Researchers are delving into the genomes of Pacific pocket mice to help inform conservationists about the best ways to recover the federally endangered species, which has only three populations left in the wild.
Despite its name, the Pacific pocket mouse (Perognathus longimembris pacificus) is not closely related to mice at all. A critically endangered subspecies of the little pocket mouse, it’s found in only three isolated locations within about 3 miles of the southern California coast.
“It’s called the Pacific pocket mouse because it looks like a mouse,” said Aryn Wilder, a senior researcher at San Diego Zoo Global who led a recent study on the rodent. “I think it’s actually more closely related to beavers in some phylogenies.”
Its range used to stretch from the Mexican border to Los Angeles, Wilder said, but around the 1930s, many of its populations began to disappear. “They were thought to be extinct for a while,” she said. “Then, they were rediscovered in the ’90s, and emergency listed under the Endangered Species Act.”
By then, only three populations remained: Two at Marine Corps Base Camp Pendleton and one about 36 miles away in Dana Point, a coastal city in Orange County, separated from the others by urban development.
The San Diego Zoo began a conservation breeding program for the species in 2012, taking individuals from each population as founders.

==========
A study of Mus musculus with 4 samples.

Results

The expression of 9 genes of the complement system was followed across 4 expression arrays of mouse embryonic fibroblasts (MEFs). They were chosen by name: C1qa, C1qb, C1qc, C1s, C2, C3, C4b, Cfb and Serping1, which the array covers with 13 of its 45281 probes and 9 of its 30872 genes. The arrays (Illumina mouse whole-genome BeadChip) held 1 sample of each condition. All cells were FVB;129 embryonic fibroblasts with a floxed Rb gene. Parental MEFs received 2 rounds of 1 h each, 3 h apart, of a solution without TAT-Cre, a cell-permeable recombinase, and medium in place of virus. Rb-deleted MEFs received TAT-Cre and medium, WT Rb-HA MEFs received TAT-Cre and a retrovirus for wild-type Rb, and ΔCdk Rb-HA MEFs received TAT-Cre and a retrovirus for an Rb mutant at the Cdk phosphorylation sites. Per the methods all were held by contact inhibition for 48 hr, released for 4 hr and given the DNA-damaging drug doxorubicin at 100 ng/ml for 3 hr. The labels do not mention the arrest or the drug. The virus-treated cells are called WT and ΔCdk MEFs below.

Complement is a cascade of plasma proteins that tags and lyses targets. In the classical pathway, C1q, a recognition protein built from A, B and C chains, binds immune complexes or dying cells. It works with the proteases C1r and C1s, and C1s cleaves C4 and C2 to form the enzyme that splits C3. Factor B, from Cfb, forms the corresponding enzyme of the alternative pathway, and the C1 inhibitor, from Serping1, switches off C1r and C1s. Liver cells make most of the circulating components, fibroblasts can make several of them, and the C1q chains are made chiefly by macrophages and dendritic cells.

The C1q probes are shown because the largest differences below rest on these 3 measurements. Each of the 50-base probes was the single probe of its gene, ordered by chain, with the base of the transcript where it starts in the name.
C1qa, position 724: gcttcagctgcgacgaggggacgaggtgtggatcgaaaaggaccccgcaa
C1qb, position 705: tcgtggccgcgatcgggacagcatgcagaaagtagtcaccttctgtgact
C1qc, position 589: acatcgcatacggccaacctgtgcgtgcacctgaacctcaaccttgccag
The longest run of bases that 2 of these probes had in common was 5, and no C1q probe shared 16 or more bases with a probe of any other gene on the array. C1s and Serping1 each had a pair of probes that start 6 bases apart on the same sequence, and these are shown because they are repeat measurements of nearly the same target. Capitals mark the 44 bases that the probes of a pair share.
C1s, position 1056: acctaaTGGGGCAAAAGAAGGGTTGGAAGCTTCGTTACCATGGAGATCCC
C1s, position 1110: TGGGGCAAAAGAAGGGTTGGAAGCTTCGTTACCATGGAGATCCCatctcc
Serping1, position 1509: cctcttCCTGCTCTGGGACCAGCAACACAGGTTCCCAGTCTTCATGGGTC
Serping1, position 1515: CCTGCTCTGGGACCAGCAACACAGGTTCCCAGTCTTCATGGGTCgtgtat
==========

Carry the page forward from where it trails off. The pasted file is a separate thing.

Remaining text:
In a study published in Conservation Genetics, Wilder and her colleagues looked at microsatellite and mitochondrial DNA of the individuals bred in the zoo’s program to help them determine the best ways to reintroduce the animals to the wild. “The initial reason [for the conservation breeding program] was to have a source of individuals to use for reintroduction in parts of their range where they’re no longer found,” she said.
They found that the pocket mice from Dana Point — the smallest population and the one suffering the most from inbreeding — became less and less represented in the genetics of breeding program over time. Researchers believe the reason the Dana Point population’s genetics decreased has to do with genetic load — the buildup of harmful mutations in the genome.
“All populations have mutations in them,” Wilder said. “But normally natural selection does a good job of keeping harmful mutations at low frequency, so they’re rare in the population.” When populations get really small, though, natural selection doesn’t work so well, she said.
The Dana Point offspring did better when they were bred with other populations, however. As a result, she suggests managers consider boosting genetic diversity by moving Camp Pendleton pocket mice to the Dana Point population.
Having now sequenced the genomes of almost every individual in the conservation breeding program, Wilder said her research will shed light on the history of the three wild populations; how well the conservation breeding program captures genetic diversity, including harmful diversity; and how much their genes have fluctuated in the breeding program over time.
That information can guide not just Pacific pocket mouse reintroduction efforts, she said. It could also help conserve other endangered species by showing what determines the success of “genetic rescue,” where managers move individuals between populations to increase genetic diversity.
“It’s been a really successful strategy for increasing population health, but it does potentially come with risks,” she said. “The Pacific pocket mouse can help us understand those tradeoffs.”